Photographs of two attractive women were accompanied by dating adverts and male readers were asked to vote for the woman they felt most attracted to have a serious relationship with. One woman was selected beforehand to be slightly more attractive than the other and in edition A, both women described more or less the same holiday in the same language. In edition B, however, the slightly less attractive woman was given a wider vocabulary.
Readers of edition A favoured the more attractive woman by 63% to 37%. But in edition B the less attractive woman gained in popularity, shifting the voting balance to 57% against 43%. 1800 readers phoned in their opinions in the survey.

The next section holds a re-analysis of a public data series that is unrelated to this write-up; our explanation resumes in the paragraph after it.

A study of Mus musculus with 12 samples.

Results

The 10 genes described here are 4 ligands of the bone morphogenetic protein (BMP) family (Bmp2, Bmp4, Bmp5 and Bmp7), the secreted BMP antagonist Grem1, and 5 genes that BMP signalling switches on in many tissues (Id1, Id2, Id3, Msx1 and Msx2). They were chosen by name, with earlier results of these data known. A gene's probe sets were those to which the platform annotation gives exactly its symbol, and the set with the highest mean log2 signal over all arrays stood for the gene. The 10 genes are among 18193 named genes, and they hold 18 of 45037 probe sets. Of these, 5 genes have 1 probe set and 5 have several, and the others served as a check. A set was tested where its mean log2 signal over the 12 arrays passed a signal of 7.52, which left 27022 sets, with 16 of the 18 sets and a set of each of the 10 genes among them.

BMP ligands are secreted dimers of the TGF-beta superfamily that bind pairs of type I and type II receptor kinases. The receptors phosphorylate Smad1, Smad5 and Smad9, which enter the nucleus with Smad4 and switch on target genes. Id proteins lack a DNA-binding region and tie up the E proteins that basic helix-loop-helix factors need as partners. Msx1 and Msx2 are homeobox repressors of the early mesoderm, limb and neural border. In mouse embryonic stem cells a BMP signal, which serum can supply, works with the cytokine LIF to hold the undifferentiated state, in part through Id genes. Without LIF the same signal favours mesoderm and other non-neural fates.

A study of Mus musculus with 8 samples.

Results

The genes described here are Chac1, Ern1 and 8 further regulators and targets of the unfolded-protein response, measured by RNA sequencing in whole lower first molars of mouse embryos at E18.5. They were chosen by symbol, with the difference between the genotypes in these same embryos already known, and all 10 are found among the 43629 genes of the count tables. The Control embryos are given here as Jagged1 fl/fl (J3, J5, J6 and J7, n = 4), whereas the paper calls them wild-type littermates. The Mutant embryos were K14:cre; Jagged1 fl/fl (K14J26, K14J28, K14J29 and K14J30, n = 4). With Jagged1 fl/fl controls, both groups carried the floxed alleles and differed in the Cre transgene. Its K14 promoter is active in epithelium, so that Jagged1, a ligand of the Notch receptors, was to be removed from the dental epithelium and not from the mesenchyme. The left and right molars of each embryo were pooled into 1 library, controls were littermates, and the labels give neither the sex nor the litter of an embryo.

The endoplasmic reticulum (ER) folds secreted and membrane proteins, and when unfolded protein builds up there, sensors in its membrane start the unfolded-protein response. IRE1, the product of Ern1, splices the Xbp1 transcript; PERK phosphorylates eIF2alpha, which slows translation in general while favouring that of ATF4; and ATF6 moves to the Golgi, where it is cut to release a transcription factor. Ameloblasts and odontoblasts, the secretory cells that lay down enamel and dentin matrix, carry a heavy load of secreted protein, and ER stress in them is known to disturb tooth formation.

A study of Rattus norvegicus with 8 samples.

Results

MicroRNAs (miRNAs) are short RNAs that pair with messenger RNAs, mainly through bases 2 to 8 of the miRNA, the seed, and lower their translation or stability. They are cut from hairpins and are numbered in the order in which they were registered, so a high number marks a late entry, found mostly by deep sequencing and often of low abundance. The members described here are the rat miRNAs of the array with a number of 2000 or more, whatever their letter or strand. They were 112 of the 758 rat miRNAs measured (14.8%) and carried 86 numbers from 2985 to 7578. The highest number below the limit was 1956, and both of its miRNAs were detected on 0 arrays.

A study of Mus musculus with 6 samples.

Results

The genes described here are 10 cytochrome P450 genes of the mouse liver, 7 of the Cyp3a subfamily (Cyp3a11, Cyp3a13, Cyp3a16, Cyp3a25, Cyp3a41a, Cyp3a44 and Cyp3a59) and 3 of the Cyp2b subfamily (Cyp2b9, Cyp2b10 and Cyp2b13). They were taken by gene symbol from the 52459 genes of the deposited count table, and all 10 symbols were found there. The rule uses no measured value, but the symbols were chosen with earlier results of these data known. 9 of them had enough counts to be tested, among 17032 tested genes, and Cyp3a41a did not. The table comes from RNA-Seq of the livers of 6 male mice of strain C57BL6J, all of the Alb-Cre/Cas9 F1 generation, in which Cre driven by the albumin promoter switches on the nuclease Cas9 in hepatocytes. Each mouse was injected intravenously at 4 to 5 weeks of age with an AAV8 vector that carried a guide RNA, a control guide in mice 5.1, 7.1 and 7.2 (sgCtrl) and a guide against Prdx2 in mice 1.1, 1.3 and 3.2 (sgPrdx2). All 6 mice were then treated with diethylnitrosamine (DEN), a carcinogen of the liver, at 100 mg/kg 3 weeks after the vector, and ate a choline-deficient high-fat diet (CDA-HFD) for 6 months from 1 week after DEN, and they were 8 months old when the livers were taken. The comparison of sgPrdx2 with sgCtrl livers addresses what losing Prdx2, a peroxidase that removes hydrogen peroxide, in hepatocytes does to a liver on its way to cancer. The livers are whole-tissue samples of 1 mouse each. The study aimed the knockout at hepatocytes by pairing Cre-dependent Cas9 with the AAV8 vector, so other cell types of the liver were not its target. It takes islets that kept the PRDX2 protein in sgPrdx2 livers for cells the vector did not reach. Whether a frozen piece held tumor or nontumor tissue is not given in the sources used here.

Raj Persaud, of the Maudsley Hospital, London, who devised the experiment, said the 6 percentage point shift was enough to be of statistical significance. "This is the first time that an experiment like this has been conducted and the first test of this controversial theory," he said. "It is a very interesting and counter-intuitive result because it suggests that men are influenced by issues beyond appearance. They are making an assessment of a person's mind.
"A lot of women spend a lot of time on their appearance before a date. This suggests that brushing up on their word power may also be helpful. Men are not as predictable as women think they are."
Dr Persaud designed the experiment to follow up the findings of a study published by psychologists Geoffrey Miller, of University College London, and Robin Dunbar, of Liverpool University, who suggested that sophisticated conversation is a sexual display of brain power, rather like a peacock's tail. Their theory may shed light on why it is that we can express almost anything with 850 words, yet the average person has a vocabulary of 60,000 words.